PANAMA CITY-- Hundreds braved the early morning heat to pay their respects to the servicemen and women who lost their lives in combat Monday.
"Well it's part of the promise, 'I will always remember you.' But more importantly, we have guys that getting killed every day and we don't even see about it on the TV," State Attorney Glenn Hess said.
Hess believes Americans are more interested in trivial matters than the things that are important.
"They would rather talk about somebody's divorce or somebody's wedding instead of these guys who are losing their lives to us."
For Hess, it's personal. He's attended this ceremony every year since he came back from Vietnam 35 years ago.
"Well, let's talk about the circle of death. The man that slept on my right, the man that slept on my left, my platoon leader, and my replacement were all killed. My crew chief was shot in January and I was shot in February. It was kind of close."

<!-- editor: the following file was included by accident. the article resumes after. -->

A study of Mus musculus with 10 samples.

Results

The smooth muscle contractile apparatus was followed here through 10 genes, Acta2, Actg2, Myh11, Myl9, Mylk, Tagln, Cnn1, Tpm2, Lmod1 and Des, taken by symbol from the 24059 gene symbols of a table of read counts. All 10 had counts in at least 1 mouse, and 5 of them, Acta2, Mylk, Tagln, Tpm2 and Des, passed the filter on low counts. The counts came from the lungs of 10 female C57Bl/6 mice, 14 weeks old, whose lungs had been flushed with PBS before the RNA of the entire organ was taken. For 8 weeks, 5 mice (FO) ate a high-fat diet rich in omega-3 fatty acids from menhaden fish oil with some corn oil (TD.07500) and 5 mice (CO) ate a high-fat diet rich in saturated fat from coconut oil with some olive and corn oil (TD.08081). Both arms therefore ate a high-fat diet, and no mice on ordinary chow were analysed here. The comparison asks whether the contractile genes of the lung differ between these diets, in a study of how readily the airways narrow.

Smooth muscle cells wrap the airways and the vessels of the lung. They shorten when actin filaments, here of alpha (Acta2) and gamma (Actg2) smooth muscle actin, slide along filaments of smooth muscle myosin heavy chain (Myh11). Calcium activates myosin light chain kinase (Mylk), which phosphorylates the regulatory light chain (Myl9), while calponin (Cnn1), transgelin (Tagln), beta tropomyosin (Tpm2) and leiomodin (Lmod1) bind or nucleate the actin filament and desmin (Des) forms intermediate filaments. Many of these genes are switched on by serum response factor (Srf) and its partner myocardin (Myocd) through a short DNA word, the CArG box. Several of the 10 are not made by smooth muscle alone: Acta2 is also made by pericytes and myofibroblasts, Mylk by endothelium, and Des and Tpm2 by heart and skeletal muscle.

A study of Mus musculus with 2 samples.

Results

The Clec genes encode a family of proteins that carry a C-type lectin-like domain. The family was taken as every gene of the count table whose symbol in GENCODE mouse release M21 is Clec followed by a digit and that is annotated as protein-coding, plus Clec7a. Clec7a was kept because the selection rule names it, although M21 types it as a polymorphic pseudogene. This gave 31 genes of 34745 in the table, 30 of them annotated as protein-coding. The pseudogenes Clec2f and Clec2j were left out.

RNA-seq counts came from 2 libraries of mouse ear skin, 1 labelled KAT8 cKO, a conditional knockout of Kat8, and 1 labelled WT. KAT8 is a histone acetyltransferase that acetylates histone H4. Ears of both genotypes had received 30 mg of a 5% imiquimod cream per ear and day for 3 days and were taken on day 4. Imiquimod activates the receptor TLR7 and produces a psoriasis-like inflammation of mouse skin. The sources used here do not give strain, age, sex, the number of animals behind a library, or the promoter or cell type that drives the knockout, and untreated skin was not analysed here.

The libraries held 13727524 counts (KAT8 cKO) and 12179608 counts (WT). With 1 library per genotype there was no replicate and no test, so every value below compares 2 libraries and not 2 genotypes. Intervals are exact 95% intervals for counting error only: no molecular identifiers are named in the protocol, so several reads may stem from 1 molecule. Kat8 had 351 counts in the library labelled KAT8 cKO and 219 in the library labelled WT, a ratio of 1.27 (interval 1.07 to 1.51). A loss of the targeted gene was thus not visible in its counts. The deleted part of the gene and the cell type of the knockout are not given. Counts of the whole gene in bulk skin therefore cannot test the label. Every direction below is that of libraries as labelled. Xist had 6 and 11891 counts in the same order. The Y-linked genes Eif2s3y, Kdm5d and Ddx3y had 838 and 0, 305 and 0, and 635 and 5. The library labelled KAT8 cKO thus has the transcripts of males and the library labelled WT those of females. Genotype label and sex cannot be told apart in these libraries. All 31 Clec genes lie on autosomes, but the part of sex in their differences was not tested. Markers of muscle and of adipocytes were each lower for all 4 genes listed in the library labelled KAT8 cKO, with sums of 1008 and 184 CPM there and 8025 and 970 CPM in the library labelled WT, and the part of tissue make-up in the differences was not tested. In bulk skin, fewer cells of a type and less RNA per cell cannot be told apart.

Those are the kinds of stories told over and over Monday.
"I believe in controlling your emotions, but there's a time to let it out and express it properly, and times like these are the times to do it," Mark Arnold, Vietnam Veteran, said.
"Emotions are very hard to control, very difficult to keep from choking up bringing a tear to your eye," Larry Bruce, Vietnam Veteran, said.
Ceremonies like this are also a chance for these men to remember those who's lives were changed by war.
"I feel uplifted as well as I feel sad because of the veterans who have given their lives but also the ones I know that are injured and suffering," Tom Collins, a retired U.S. Air Force veteran, said.